If you're paying attention to your surroundings and aren't lounging with just one hand resting on the wheel you should easily be able to make very fast decisions about if a swerve is even called for, if it can be safely done, which direction it should be, and what action might need to be taken after the swerve. Take the time to find out just what your car can do without losing traction, what happens when it does lose traction, and what you need to do to regain it. If you don't feel safe doing anything but driving straight ahead I can only hope that the inevitable accident you get into involves only you and an inanimate object, not another car or pedestrian you couldn't wouldn't avoid because you were too frightened of turning your steering wheel with any vigor.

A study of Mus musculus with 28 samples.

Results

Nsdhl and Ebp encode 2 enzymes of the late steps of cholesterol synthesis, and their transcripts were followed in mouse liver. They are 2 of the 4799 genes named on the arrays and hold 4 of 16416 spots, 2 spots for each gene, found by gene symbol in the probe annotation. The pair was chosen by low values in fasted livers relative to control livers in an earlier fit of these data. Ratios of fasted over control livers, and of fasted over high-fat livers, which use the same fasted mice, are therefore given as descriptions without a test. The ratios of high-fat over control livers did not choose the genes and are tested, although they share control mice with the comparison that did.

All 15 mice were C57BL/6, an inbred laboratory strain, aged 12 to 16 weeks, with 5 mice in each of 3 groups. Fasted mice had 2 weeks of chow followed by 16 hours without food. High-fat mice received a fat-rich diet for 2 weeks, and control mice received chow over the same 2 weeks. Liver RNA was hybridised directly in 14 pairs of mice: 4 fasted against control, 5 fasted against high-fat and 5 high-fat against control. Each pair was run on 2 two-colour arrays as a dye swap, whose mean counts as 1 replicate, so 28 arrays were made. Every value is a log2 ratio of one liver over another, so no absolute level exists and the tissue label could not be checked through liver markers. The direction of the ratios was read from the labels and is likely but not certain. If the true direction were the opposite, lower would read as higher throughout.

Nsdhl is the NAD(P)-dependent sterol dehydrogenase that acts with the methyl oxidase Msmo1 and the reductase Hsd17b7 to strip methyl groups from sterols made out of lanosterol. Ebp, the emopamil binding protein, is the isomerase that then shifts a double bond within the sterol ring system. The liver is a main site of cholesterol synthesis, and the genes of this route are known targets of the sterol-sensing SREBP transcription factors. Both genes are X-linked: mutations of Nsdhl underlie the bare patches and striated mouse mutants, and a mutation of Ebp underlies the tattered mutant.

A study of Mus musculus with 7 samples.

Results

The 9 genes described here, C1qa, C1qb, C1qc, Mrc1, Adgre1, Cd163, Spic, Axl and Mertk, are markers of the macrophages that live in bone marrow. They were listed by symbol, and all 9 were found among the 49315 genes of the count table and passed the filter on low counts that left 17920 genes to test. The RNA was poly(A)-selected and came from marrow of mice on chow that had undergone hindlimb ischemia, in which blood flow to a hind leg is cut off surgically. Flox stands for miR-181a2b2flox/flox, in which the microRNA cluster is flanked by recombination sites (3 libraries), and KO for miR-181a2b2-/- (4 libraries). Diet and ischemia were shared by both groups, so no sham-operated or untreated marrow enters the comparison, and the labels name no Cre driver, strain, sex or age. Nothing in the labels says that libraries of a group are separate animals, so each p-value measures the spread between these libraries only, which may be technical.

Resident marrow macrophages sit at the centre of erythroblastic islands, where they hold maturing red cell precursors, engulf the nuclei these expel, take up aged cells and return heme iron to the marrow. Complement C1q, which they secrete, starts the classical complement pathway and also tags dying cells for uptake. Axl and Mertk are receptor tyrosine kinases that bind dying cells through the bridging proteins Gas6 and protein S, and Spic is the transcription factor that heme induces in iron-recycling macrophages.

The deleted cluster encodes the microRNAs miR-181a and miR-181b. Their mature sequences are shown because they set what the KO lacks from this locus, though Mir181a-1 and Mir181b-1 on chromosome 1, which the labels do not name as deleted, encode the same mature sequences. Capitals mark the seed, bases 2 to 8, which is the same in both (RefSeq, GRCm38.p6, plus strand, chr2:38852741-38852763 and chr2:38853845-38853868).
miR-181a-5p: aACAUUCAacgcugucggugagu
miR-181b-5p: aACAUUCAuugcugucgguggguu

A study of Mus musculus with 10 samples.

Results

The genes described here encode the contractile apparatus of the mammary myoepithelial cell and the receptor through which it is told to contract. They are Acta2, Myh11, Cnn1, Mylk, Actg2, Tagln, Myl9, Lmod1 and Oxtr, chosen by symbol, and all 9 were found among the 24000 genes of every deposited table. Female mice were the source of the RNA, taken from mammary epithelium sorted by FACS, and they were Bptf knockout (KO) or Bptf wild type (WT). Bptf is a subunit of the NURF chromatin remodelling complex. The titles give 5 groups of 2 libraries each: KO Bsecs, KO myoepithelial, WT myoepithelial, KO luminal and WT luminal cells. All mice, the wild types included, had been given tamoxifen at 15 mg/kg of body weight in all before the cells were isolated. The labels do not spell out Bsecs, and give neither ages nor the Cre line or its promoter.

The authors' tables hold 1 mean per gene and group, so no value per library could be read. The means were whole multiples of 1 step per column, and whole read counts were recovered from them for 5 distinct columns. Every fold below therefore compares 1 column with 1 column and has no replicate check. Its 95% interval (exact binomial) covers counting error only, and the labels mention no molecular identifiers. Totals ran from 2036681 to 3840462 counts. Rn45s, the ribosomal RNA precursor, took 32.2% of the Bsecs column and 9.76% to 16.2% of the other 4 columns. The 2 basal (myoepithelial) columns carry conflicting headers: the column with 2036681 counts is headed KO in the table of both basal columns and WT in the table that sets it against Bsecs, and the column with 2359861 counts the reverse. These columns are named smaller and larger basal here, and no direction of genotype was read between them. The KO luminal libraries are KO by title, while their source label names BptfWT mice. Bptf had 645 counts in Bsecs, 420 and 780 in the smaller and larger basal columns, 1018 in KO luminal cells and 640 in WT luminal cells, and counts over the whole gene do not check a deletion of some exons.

Going ahead and just plowing straight into anything in your path because you're afraid that your car has the rollover stability of a high chair is a dangerous habit to get into. One day that dog, rabbit, or deer you see out of the corner or your eye that you've already decided to go ahead and run down lest you tip over is going to be an inattentive child running after a ball.

it's just simple understanding that you have the most control going straight forward, on the pavement, not heading off in a 45* angle on an uneven shoulder doing 60 mph.
My idea of control is being able to head of in 45* angles on uneven shoulders while still maintaining control over where I'm going. Sounds like your idea of "control" matches the cause of many airplane fatalities. The technical term is "CFIT", or Controlled Flight Into Terrain. By insisting on going straight ahead vs venturing into more unstable terrain/vehicle attitudes, all you're doing is controlling yourself right into the situations "control" is supposed to let you avoid.